UN calls on Iran to stop persecution of Baha'is

December 17, 2005

UNITED NATIONS, United States — For the 18th time since 1985, the United Nations General Assembly has passed a resolution expressing "serious concern" over the human rights situation in Iran, also making specific mention of the ongoing persecution of the Baha'i community there.

The resolution, which had been put forward by Canada and co-sponsored by 46 countries including Australia, the European Union, and the United States, passed by a vote of 75 to 50 on 16 December 2005.

Among other things, it called on Iran to "eliminate, in law or in practice, all forms of discrimination based on religious, ethnic or linguistic grounds, and other human rights violations against minorities, including Arabs, Kurds, Baluchi, Christians, Jews, Sunni Muslims and the Baha'i...."

The resolution quite specifically takes note of the upsurge in persecution against Iran's 300,000-member Baha'i community, noting the "escalation and increased frequency of discrimination and other human rights violations against the Baha'i, including cases of arbitrary arrest and detention, the denial of freedom of religion or of publicly carrying out communal affairs, the disregard of property rights, the destruction of sites of religious importance, the suspension of social, educational and community-related activities and the denial of access to higher education, employment, pensions, adequate housing and other benefits...."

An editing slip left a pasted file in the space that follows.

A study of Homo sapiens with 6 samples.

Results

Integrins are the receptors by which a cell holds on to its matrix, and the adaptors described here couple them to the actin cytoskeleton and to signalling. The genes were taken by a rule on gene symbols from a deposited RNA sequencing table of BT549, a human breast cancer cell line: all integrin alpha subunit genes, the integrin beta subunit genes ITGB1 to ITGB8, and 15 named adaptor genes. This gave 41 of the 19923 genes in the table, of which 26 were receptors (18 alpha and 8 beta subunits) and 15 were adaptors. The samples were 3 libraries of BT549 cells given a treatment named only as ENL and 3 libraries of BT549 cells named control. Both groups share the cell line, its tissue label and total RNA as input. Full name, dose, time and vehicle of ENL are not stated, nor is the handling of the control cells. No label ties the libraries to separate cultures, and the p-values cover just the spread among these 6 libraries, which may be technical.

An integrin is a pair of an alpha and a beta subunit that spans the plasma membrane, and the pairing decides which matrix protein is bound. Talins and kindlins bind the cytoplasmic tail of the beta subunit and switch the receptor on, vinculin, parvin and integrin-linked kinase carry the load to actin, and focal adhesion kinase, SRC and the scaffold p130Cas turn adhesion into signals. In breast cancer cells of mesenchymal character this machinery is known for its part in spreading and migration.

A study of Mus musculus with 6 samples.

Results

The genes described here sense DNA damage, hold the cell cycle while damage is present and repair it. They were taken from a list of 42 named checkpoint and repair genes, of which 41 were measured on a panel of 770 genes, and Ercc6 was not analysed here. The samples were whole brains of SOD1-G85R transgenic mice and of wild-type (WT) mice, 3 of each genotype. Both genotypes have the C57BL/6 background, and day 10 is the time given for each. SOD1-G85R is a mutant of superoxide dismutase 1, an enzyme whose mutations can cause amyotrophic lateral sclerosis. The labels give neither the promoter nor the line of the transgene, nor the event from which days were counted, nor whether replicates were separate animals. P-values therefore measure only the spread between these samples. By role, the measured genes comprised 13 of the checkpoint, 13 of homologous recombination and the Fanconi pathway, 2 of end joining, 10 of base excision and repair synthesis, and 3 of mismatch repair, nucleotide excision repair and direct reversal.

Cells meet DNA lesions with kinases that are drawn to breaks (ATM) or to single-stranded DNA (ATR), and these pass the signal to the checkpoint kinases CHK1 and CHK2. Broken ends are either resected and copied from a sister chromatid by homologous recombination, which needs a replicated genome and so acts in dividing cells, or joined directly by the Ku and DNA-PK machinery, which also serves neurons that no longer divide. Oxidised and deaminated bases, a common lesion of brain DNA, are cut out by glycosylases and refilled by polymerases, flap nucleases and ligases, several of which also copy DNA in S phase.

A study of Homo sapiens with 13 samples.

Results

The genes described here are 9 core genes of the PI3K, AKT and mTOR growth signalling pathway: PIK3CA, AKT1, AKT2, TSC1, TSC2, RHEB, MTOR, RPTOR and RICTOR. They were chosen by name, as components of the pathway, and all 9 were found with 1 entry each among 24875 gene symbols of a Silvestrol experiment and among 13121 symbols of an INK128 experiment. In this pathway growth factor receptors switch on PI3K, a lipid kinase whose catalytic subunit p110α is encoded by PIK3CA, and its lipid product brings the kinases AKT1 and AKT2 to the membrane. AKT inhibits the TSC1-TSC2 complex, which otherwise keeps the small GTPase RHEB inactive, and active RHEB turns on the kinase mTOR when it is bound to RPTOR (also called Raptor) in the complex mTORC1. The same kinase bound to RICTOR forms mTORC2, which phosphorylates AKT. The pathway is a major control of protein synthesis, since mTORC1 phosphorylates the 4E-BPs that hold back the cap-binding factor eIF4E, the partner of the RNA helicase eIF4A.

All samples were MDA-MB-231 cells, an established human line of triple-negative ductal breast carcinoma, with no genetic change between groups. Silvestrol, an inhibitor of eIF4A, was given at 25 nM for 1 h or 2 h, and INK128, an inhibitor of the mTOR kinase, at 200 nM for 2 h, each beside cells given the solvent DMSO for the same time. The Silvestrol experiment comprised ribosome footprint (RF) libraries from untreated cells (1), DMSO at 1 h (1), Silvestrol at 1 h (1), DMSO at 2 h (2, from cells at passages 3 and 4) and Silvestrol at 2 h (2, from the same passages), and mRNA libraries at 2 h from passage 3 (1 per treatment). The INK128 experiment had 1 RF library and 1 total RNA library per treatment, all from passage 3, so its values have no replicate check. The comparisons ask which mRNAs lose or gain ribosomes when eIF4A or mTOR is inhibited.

The resolution also encourages various agencies of the United Nations Commission on Human Rights to continue to work to improve the human rights situation in Iran, and at the same time it calls on the government of Iran to cooperate with these agencies.

Ms. Bani Dugal, Principal Representative of the Baha'i International Community to the United Nations, said the worldwide Baha'i community is thankful for the support of the international community in expressing its concern about human rights in Iran.

"It has been a year when human rights violations against Baha'i and other groups in Iran have strikingly worsened, and the scrutiny and support of the international community remains virtually the only tool for the protection of innocent people in Iran," said Ms. Dugal.

"For Baha'is, who are persecuted solely for their religious beliefs, it has been a very difficult year in Iran," said Ms. Dugal.

"At least 59 Baha'is have been subject to various forms of arbitrary arrests, detention and imprisonment, and Baha'i young people have once again been denied the chance to attend college and university."

Ms. Dugal said that although the majority of those Baha'is who have been arrested were released, nine remained in prison as of late October.

As well, said Ms. Dugal, "Baha'is face a wide and growing range of severely oppressive measures, including continued restrictions on religious assembly, the confiscation and destruction of holy sites, the denial of admission to Baha'i students into university, and various economic restrictions."

"Not only do the revolving door arrests and imprisonments seek to intimidate the Baha'i community, but the stringent economic and educational restrictions are part of Iran's stated policy clearly aimed at eliminating Iran's Baha'i community as a viable entity in society," said Ms. Dugal.